Wimbledon-area shops compete to design tennis storefronts
LONDON (AP) — Novak Dogovic and Andy Purray could end up among the winners in Wimbledon this year.
Caricatures of the two Grand Slam champions — or, at least, their half-human, half-animal counterparts — are hanging in the window at Pet Pavilion, a grooming salon in the village of Wimbledon within walking distance of the All England Club.
The presentation is one of several dozen on display throughout the village, which created a competition for businesses three years ago. From bakeries to beauty salons, and clothing stores to coffee shops, tennis balls, rackets and more can be seen in at least 63 storefronts by anyone taking a stroll along the neighborhood streets.
“They’re showing the fans that they’re supportive,” said Elena Vesnina, a Russian tennis player. “It doesn’t matter if they support you or not — they’re going to watch tennis.”
Planning for this year’s display began in March at Pet Pavilion. The shop’s owners, longtime tennis fans, won the competition two years ago with a display that featured plaster dogs playing a match.
This year, their idea was to commission portraits of a number of current and former Wimbledon greats. With the help of an employee, Sarune Kalininaite, who created the art, they hope Bjorn Bark, Jimmy Pawnnors and others make for a purr-fect display.
“We try to do things that will attract people to this great area — not just to our store, but to our village,” said Alex Saville-Edells, the son of the store’s founders. “We want people to walk around and experience what the village has to offer.”
Ten judges score each window, giving points for theme and creativity. They have also been asked to consider how the display relates to each business into their decision.
A shop that sells Argentine empanadas, Chango, mixed photos of Guillermo Vilas and other greats from the South American country in among ham hocks, garlic cloves and bottles of malbec. The display at the Wimbledon Village Osteopath office includes a skeleton attempting a dive volley.
Sweaty Betty, a women’s activewear shop, dumped roughly 200 balls in its front display, and Hemingway’s, a cocktail bar, painted bunches of grapes on its glass — with the grapes themselves replaced by balls.
Some are more elaborate. Last year’s winner, Thai Tho, wrapped the entire front of the restaurant — including a miniature elephant — in fake turf.
“My wife said, ‘Let’s cover the entire restaurant in artificial grass,’” said owner Adrian Mills, a British television presenter and actor. “I thought, ‘Oh, my God.’”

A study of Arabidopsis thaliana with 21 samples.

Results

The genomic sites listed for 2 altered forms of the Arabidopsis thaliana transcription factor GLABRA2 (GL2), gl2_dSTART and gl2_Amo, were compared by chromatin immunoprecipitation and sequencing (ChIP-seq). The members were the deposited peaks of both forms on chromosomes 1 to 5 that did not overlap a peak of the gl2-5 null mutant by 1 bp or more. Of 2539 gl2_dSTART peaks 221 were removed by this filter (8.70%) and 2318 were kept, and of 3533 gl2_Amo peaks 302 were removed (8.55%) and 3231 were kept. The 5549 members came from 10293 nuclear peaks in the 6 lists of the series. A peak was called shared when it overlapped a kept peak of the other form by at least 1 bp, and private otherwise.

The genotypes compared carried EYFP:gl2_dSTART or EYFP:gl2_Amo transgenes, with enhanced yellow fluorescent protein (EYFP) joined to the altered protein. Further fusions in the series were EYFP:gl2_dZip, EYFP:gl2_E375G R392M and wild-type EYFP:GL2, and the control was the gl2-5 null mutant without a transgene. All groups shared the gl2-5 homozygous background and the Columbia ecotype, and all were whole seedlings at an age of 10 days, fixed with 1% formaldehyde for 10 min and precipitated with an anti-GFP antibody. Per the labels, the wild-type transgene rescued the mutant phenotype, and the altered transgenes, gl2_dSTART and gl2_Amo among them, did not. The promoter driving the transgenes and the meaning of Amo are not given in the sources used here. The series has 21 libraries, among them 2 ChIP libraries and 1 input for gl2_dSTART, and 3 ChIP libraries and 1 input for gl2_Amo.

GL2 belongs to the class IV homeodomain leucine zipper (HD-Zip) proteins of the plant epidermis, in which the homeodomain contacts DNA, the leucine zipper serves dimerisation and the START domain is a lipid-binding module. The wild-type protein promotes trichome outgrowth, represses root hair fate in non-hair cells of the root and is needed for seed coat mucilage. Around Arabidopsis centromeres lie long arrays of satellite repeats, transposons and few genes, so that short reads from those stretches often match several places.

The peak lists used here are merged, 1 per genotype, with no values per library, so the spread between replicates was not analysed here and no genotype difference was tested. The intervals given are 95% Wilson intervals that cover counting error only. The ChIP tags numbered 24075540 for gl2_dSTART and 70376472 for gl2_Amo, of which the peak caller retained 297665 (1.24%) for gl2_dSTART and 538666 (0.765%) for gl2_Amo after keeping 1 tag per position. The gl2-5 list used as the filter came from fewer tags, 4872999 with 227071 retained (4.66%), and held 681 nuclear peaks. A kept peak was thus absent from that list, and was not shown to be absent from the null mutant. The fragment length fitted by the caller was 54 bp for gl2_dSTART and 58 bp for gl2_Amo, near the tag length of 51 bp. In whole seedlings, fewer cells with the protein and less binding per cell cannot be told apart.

Kimberley Salmassian, who used to run a fashion boutique in the village, oversees the contest. Although shop owners occasionally dressed up their windows to appeal to tennis fans, she thought a united effort would be more attractive to visitors.
Slazenger and Babolat have donated equipment for use in the displays — Salmassian estimated she now has about 1,000 tennis balls for shops to use — but owners are free to spend at will in order to perfect their windows.
Two years ago, the contest received a boost when the All England Club said it had no problem with shop owners using the Wimbledon logo and colors as part of their displays. It also started donating two tickets to Centre Court for the women’s semifinals, which have been given away as the competition’s grand prize.
Anne Shelmerdine, who lives across the street from the club’s croquet courts, has been a fan of Wimbledon since she was a child. Before the window competition began, she used to get excited when the council would put purple and green bags in the public garbage cans, knowing it meant the tournament was coming.
On Friday, she specifically walked her dogs, a pair of Tibetan spaniels, through the village just to admire the displays.
“People who don’t even like tennis are like, ‘I like the buzz. It’s so exciting,’” Shelmerdine said. “This place comes alive.”
Players have taken note. Many of them rent houses in and around the village during the tournament and will venture into shops and restaurants throughout the two weeks of the tournament.
Bernardo Neville, who opened the empanada shop two years ago, has seen a few coaches and players check out his display of Argentine tennis history and stop in to eat.
One who has not: Juan Martin del Potro, the 2009 U.S. Open champion, two-time Olympic medalist and Argentina’s top-ranked player.
“I would make sure he eats a lot of empanadas,” Neville said. “Hopefully, he will come.”